Former Bosnian Serb army commander Gen. Ratko Mladic has slammed the United Nations’ Yugoslav war crimes tribunal as a “satanic court” and refused to testify as a defence witness for his former political master, Radovan Karadzic.
A courtroom reunion on Tuesday of the two alleged chief architects of Serb atrocities during Bosnia’s 1992-95 war lasted only about an hour as Gen. Mladic told judges repeatedly he would not answer former Bosnian Serb President Karadzic’s questions.
The brief hearing marked the first time the two men had been seen together publicly since the aftermath of the war, but Gen. Mladic’s refusal to answer any questions beyond sketching a brief history of his military service meant it cast no new light on the war that left some 100,000 people dead.
Gen. Mladic was to have been one of Mr, Karadzic’s last defence witnesses. Mr. Karadzic’s attorney Peter Robinson said the former Bosnian Serb leader plans to testify in his own defence in February.
Both Mr. Karadzic and Gen. Mladic disappeared for years after the guns fell silent in Bosnia as they attempted to evade capture and extradition to face trial in The Hague. Mr. Karadzic was finally captured in Serbia in 2008, disguised as a bushy- bearded new-age healer, and Gen. Mladic was detained nearly three years later.
Both men are now on trial separately for crimes including genocide. Both insist they are innocent arguing that everything they did during the war was intended to defend the Serb people and face maximum life sentences if convicted.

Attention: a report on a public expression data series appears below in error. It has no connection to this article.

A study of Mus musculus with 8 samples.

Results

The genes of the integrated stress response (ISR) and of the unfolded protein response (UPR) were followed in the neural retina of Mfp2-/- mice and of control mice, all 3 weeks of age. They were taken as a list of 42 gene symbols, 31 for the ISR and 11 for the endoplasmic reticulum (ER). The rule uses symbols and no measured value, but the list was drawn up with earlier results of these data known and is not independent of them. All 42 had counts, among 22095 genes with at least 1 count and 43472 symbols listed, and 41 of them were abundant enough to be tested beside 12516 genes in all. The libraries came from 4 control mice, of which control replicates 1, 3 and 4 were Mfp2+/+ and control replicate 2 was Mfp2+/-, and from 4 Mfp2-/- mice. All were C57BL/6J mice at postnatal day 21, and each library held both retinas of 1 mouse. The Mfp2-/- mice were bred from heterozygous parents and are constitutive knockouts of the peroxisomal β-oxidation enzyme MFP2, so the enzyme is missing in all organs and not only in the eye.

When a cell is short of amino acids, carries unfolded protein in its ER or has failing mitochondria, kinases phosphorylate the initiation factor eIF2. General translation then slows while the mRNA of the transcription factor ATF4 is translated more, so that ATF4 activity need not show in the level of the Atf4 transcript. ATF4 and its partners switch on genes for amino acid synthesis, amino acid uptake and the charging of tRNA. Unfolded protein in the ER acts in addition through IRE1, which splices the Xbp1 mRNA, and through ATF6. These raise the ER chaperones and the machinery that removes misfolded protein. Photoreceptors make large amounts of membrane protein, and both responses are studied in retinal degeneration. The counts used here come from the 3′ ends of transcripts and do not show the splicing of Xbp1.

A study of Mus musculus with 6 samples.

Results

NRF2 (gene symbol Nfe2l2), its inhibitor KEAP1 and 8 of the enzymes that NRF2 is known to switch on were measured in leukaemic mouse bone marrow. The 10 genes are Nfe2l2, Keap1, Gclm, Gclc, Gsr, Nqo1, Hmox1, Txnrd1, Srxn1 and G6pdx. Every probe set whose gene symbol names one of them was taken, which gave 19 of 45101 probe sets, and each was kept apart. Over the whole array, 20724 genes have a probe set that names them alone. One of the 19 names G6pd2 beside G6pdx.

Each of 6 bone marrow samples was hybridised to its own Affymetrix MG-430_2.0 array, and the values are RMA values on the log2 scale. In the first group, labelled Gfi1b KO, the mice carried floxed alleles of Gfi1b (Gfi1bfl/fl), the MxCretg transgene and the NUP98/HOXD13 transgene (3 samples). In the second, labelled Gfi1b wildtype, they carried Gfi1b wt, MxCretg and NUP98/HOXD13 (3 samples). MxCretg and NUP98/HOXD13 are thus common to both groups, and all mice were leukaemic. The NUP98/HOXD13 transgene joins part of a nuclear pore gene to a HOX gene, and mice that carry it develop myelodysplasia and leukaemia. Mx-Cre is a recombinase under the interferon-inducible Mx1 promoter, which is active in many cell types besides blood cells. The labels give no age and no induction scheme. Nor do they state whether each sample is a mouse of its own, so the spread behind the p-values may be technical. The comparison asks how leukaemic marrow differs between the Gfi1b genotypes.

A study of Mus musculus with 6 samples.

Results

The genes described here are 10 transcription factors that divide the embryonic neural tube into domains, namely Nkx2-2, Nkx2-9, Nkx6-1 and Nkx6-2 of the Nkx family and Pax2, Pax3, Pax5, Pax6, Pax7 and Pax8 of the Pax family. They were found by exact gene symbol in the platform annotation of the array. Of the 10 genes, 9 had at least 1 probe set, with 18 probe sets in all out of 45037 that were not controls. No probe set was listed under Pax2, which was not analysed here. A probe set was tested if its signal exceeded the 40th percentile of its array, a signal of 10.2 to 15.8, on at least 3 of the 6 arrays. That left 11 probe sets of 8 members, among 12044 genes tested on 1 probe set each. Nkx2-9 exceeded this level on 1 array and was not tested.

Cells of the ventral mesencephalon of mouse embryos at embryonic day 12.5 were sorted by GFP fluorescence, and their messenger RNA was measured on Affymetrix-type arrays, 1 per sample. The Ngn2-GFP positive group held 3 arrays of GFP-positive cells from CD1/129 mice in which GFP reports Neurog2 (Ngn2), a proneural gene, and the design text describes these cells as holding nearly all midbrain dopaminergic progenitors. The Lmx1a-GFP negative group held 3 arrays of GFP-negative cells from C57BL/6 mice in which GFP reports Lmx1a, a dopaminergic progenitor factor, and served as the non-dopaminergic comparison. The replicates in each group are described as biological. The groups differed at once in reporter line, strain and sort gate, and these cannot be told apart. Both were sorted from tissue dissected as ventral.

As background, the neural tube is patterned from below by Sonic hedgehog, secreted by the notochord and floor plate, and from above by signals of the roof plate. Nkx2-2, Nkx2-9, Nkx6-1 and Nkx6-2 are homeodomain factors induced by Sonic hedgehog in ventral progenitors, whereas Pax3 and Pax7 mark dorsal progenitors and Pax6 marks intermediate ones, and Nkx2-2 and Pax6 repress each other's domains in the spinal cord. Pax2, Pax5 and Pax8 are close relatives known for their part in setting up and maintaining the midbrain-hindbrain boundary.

Gen. Mladic initially refused to testify, then said he would speak if officials fetched his dentures, which he had left in his cell in the tribunal’s detention unit.
But with his false teeth in place, Gen. Mladic again refused to testify and despite issuing a subpoena for him to appear in court, judges would not compel him to give evidence.
Gen. Mladic’s lawyer, Branko Lukic, told judges Gen. Mladic could not testify because he suffers from a stroke-induced condition he called “deception of memory” and can’t tell fact from fiction.
The two former allies barely made eye contact during the hearing. Mr. Karadzic was businesslike — often looking down at documents on his desk. Gen. Mladic appeared to be enjoying the attention, waving to the packed public gallery and saluting judges as he left court.
As Gen. Mladic walked past Mr. Karadzic on his way out of court, Gen. Mladic said in Serbian- “Radovan, thank you and sorry. The idiots would not let me. They defend NATO bombs.”
Going through the motions of the examination of a witness, Mr. Karadzic asked Gen. Mladic questions about the main allegations in their respective indictments, even though he knew the bullish general would refuse to answer.
Gen. Mladic repeatedly read out a refusal he had printed on a sheet of paper, once telling judges he touched upon the Srebrenica massacre in his seven-page prepared statement.
“I think it would be interesting,” he told judges.
As he stood up to leave, Gen. Mladic sardonically thanked judges for not letting him say what he wanted to say.
“You have confirmed my thesis that the Hague tribunal is not a court of law but a satanic court,” he said through a courtroom interpreter.